Here’s Why G-Jet Is The Latest Artist On A Roster That Includes GZA, Grand Puba & Freeway (Video)

In late May and June, the Smokers Club Tour crosses the United States. As fans pack venues to see the likes of Cam’ron, Smoke DZA, The Underachievers, Pro Era’s Nyck Caution, and others, they will encounter G-Jet, likely for the first time.

A product of Columbus, Texas, G-Jet (an abbreviation of “Go Hard Jetson”) challenges the notions of how a Lone Star MC can move the crowd through his delivery. On songs like “Richard Pryor” from 2014’s respective A3C Compilation, Heads heard a fervor and grit that was much more early ’90s Willie D than late 2000s Slim Thug. Part of that likely comes from Jet’s Battle Rap roots, as well as his key influences.

In the time since, G-Jet signed with New York City-based Babygrande Records (GZA, Freeway, Grand Puba). Gearing up for May 25 mixtape, Die Rich, the MC unveils the lead single he recorded in Austin, which breaks down his unique blend of palpable hunger and impassioned angst. Premiering at Ambrosia For Heads, “Born Broke, Live Good, Die Rich” is more than a catchphrase. For G-Jet, it is a survivalist’s mission statement.

The single “Born Broke, Live Good, Die Rich” is filmed on the outskirts of Austin. Directed by Jeff Adair, the affair captures a day in G-Jet’s life, for a ride-along in a vintage Cadillac convertible. The blending of country imagery with skills-driven Hip-Hop places Jet in a lineage not unlike Alabama’s early Yelawolf, or Mississippi’s Tito Lopez.

“I started freestyling with my brother and friends around junior high [school]. We would freestyle everywhere, malls, Taco Bell, outside [of] clubs, wherever,” explains G-Jet, who grew up in a small town outside of Houston. In H-Town, the MC cut his teeth in the battle space. “[I would] never ever write. I did not take music seriously until 2011 or so.” It was in this time, that G-Jet would leave high school and run into legal troubles.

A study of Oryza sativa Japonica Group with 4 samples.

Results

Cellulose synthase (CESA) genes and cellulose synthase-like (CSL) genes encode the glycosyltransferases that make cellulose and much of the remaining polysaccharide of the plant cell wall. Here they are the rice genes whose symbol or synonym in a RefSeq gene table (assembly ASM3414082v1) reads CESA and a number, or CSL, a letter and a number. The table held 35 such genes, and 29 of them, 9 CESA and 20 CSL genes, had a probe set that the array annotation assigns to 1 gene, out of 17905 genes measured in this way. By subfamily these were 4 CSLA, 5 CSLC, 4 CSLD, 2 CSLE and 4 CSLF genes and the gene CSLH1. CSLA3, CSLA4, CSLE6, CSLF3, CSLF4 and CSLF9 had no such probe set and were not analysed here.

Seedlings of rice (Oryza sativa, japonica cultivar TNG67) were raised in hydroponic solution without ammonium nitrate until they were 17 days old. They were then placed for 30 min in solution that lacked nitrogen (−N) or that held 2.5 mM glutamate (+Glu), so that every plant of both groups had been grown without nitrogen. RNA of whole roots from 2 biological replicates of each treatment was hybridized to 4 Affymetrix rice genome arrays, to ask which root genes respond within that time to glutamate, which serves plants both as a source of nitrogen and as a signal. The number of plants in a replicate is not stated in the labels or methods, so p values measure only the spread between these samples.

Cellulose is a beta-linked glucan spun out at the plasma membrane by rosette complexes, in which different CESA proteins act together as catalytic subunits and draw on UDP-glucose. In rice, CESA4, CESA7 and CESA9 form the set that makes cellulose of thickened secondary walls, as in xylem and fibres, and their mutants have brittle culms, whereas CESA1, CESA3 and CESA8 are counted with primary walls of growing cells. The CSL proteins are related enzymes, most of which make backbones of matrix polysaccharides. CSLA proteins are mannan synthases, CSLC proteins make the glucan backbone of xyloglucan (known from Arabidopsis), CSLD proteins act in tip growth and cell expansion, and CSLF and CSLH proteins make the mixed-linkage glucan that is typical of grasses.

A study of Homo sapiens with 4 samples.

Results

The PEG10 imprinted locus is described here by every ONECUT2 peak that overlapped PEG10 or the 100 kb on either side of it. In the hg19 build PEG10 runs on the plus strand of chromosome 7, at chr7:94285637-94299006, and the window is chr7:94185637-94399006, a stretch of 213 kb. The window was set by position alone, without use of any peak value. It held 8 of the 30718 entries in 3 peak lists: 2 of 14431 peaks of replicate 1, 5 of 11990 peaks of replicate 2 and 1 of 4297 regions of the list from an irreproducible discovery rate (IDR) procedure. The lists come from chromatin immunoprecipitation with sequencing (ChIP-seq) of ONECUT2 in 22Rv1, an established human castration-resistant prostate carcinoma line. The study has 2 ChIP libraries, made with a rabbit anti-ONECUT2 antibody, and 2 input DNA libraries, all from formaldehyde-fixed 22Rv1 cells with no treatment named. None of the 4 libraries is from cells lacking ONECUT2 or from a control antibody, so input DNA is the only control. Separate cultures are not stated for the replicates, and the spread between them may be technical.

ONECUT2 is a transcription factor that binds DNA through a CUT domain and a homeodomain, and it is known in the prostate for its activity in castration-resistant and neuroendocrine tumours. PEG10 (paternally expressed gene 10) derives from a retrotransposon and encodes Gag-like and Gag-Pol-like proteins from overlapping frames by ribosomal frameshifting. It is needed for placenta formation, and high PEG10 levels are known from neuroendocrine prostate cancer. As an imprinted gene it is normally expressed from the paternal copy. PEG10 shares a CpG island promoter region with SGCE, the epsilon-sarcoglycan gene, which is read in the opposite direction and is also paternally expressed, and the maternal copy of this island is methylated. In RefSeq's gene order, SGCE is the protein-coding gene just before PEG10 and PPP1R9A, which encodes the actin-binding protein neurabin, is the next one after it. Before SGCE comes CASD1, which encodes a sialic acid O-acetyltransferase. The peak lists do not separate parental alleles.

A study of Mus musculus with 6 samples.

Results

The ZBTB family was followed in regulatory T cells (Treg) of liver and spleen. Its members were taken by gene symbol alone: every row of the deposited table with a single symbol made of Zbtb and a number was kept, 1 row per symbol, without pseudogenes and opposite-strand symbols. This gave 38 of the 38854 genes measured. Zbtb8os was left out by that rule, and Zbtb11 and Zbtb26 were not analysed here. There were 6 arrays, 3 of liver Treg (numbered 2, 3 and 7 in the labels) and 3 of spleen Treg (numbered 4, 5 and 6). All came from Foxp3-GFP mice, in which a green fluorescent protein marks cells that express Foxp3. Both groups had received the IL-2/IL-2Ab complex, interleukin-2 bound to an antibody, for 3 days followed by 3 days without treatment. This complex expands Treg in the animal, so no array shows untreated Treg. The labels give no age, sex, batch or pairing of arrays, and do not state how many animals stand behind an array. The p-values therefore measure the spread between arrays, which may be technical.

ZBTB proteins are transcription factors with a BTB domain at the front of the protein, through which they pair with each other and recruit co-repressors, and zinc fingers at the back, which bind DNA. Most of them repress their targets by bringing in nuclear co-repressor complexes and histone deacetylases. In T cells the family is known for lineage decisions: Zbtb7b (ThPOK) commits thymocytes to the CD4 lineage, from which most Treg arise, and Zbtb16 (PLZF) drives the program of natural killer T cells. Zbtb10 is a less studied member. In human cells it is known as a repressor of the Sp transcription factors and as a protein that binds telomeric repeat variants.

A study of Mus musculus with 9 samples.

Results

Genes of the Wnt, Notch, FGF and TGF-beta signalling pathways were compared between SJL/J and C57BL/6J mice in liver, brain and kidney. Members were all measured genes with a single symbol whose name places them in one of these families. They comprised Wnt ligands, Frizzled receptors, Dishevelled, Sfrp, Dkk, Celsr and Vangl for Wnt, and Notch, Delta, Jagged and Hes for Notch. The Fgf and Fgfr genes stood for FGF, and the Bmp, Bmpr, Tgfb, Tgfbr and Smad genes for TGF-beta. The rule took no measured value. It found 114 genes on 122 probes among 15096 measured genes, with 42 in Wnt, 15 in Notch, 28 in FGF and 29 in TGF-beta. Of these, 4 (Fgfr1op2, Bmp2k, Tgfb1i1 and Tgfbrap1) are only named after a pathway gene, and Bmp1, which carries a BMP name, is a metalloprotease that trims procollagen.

Asked about what crossing the country alongside some higher profile artists means to him, he explains, “[Being on the Smokers Club Tour] means opportunity. Where I’m from, that’s hard to come by. It is legendary. One of my favorite MC’s of all time is headlining, Cam’ron.” Cam, a platinum veteran, has previously worked with Lone Star MCs such as Lil Flip. “That’s crazy. I’m gonna show the world. I was asked if I wanted to do it, and you know the obvious answer.”

G-Jet’s previous two mixtapes are 2013’s Born Broke and follow-up, Live GoodDie Rich completes the trilogy, through its single. “[Born Broke, Live Good, Die Rich] comes from being from a humble beginning and never giving up,” Jet says of the expression. “[It is] never accepting ‘no’ for an answer. We worked for everything. My family doesn’t own anything. My little brothers were the first to graduate high school. Music was never realistic to me. But God is good.” He vows, “I’m gonna show what ‘rags to riches’ really is.”

Whereas Texas artists are known for their DIY approach, G-Jet cites his own reasons for partnering with a veteran independent. “Resources. Marketing. Know-how. Reach,” he lists. “What I got to say has to reach more than the small amount I have been reaching. The world. They can spread it global, with their experience. They too, haven’t had anyone like me. So, it’s about to be fun.”

With the colorful video showing G-Jet’s upbringing and climb ahead, he deduces, “I am most proud of Die Rich. It is the official beginning. It changed my life. People won’t understand until later.” He stamps another mantra that has carried him this far, “No explaining. No complaining. All work.”